Tidal and the New Wave
It feels like everything wants you to pay a monthly subscription these days. Despite growing up shunning the idea of paying subscriptions for magazines and newspapers (you know, the things that might give me a job one day) I’ve become a recent convert.
Netflix got me in with a free first month and the promise of a TV revolution, and I signed up to a (kind of awesome, kind of unreliable) beauty service which sends me surprising lotions every month. For both of these, I pay $14.99, except with the former, I get to split it with my housemates. Booyah!
But I’ve only ever flirted with Spotify’s free tier of music. Well, we maybe did some heavy petting. The reason I like Spotify is that it lets me show my Facebook friends that I listen to cool, varied music. I’m hoping that when they see I’m playing Daughter, they know I’m in the tub. And when I play Kanye, they are damn sure I’m twerking. But I never wanted to pay for Spotify Premium, despite the annoying ads that get stuck in your head as much as the songs do.
Jay Z’s rival platform Tidal is making headlines. Beyonce dropped a new, soulful song “Die With You” on the eve of her 7th wedding anniversary. For those who got the chance to see and hear it (YouTube has now taken it down due to a copyright claim) it was a hand-held video (you’d think Jay-Z would have better equipment) of Beyonce singing beautifully at the piano. It’s available exclusively on Tidal, as is Rihanna’s new stuff and a teaser for what Madonna is doing. Whatever that is.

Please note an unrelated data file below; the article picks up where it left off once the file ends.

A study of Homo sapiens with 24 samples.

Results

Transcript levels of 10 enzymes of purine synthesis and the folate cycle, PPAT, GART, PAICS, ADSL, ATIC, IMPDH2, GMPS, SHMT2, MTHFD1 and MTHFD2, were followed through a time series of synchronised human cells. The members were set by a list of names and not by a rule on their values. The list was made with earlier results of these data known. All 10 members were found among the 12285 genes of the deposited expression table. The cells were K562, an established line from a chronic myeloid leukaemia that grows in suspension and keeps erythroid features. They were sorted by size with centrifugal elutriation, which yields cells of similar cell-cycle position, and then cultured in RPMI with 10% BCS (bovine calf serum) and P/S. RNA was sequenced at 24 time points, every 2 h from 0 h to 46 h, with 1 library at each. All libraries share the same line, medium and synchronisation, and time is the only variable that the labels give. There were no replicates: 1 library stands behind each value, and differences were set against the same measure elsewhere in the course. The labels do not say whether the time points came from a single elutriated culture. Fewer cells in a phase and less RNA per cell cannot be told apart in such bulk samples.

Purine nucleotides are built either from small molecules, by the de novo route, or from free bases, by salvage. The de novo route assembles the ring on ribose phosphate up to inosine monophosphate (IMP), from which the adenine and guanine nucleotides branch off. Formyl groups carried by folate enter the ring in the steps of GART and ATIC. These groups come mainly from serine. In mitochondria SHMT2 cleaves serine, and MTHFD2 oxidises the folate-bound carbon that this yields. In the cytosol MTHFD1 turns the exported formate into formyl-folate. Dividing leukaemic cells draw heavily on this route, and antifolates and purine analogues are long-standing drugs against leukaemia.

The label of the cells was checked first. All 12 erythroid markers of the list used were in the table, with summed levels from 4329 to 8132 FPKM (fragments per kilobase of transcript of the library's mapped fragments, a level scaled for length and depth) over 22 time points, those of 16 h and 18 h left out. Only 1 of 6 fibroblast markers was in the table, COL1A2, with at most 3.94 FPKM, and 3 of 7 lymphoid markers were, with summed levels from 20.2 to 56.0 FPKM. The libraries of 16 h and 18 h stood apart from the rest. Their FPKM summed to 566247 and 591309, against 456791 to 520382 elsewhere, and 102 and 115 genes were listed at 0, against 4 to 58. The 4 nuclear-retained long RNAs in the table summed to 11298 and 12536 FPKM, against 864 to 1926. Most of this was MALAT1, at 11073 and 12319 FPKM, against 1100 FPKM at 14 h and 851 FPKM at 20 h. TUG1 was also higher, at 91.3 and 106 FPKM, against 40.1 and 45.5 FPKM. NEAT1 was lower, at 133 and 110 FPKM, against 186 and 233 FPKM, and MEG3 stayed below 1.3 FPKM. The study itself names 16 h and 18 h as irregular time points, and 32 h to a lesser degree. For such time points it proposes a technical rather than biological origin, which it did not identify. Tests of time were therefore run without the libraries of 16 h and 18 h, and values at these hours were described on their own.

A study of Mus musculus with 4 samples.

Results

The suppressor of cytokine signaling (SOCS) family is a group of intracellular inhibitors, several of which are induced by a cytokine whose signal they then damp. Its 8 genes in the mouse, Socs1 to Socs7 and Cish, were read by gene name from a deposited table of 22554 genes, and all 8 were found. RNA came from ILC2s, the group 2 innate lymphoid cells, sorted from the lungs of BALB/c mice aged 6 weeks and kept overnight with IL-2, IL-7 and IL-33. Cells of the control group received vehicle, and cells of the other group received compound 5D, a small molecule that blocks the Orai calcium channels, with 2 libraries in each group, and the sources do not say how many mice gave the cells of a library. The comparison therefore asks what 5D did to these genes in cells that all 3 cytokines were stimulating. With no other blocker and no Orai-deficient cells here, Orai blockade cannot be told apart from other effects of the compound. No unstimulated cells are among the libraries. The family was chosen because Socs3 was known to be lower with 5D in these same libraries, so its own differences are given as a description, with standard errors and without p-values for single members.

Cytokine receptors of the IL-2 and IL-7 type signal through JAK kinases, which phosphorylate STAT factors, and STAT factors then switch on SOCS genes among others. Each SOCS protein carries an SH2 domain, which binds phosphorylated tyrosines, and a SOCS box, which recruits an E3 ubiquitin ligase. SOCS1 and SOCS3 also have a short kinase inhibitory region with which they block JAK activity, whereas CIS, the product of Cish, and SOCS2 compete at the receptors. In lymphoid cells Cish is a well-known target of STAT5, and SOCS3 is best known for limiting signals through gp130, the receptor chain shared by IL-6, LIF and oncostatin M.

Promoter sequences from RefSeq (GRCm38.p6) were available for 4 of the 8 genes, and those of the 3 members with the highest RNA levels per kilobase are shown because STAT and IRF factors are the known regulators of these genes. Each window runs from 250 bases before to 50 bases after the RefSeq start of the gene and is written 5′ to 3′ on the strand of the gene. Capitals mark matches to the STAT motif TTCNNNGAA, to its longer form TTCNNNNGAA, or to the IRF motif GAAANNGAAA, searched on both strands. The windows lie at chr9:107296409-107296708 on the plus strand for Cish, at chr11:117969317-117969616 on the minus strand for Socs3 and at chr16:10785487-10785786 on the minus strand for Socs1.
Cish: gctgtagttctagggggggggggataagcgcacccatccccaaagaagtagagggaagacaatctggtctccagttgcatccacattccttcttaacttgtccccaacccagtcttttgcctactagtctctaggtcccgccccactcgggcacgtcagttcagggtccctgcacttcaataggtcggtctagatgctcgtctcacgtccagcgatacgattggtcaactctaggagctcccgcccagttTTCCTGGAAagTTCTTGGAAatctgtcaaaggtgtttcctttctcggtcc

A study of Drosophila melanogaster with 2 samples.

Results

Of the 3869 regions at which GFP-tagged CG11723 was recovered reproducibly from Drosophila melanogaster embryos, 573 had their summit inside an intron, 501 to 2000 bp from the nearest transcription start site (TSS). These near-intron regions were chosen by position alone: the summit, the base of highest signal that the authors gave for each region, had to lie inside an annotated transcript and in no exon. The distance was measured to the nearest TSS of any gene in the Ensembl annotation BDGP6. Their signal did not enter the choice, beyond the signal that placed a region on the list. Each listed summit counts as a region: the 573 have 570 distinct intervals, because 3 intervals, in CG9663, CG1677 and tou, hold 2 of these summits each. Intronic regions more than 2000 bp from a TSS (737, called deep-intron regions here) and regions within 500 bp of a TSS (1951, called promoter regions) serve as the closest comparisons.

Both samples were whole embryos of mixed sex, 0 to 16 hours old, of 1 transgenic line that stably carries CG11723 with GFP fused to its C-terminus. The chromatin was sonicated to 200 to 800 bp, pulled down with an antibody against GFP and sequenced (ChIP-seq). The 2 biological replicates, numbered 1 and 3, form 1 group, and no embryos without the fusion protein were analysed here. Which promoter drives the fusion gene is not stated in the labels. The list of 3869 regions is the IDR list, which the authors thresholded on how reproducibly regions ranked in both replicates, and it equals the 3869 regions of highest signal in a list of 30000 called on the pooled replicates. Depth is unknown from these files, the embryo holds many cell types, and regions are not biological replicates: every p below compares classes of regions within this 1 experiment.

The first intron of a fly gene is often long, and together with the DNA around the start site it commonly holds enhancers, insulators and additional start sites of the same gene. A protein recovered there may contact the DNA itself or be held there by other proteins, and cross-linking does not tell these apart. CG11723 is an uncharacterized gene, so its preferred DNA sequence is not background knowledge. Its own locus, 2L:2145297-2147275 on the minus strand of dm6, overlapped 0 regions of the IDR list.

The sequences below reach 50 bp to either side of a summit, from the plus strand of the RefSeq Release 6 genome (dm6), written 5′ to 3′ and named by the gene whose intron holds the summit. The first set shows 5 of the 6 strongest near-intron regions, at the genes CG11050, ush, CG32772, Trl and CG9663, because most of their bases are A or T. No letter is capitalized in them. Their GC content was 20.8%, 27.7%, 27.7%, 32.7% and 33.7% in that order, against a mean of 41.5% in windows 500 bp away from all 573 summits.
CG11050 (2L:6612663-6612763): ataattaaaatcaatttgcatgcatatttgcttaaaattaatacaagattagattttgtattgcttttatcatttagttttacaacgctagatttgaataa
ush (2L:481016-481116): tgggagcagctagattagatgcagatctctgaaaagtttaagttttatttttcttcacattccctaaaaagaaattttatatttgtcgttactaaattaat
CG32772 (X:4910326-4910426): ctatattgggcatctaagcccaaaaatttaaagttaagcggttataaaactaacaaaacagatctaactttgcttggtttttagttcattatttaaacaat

There were even rumours that Kanye was going to drop his next album exclusively on Tidal, but methinks that came from a clever hoax which had the new platform show a fake ‘Ye album featuring Michael Jackson. Yeah. right.
Sneakily, while we were sleeping to the sweet melody of Bey’s love-song, Jay Z pulled his latest stuff from rival platform Spotify. It’s a decision that Taylor Swift made last year too. Is this the start of an artist-led revolution?
Tidal’s marketing certainly seems to want us to think so. According to the Guardian, there are some big names involved including. ‘Arcade Fire, Beyoncé, Calvin Harris, Coldplay, Daft Punk, Deadmau5, Jack White, Jason Aldean, J Cole, Kanye West, Madonna, Nicki Minaj, Rihanna and Usher’. All of these names are artists who hold equity, or essentially part-ownership. in the platform. Tidal says it will be sharing more shares with smaller artists soon, but for now it’s just the super rich ones. We’re told these guys are taking a stand for the integrity of music, and that we’re meant to be giving back to the brilliant but already-swimming-in-it celebs.
But the rules of the game haven’t changed that much yet. Streaming songs will still send the profits to the label, who will then dish out royalties. So for anyone who isn’t Jay Z and doesn’t own their own label, your slice of the pie isn’t getting much bigger.
Tidal is available for US$9.99 per month, or a seemingly better-sounding HiFi version will set you back US$19,99 a month. It’s this priciness and the absence of a free tier which is bugging people. Apple and YouTube are set to release their subscription-based music platforms this year too. It’s looking like the industry is changing, but are they stepping up or pummelling the agency of their consumers?
What with metadata retention and the landmark piracy case on behalf of Dallas Buyer’s Club, it is looking like free downloads are receding into ‘the old days’ already. Winter is coming, kids.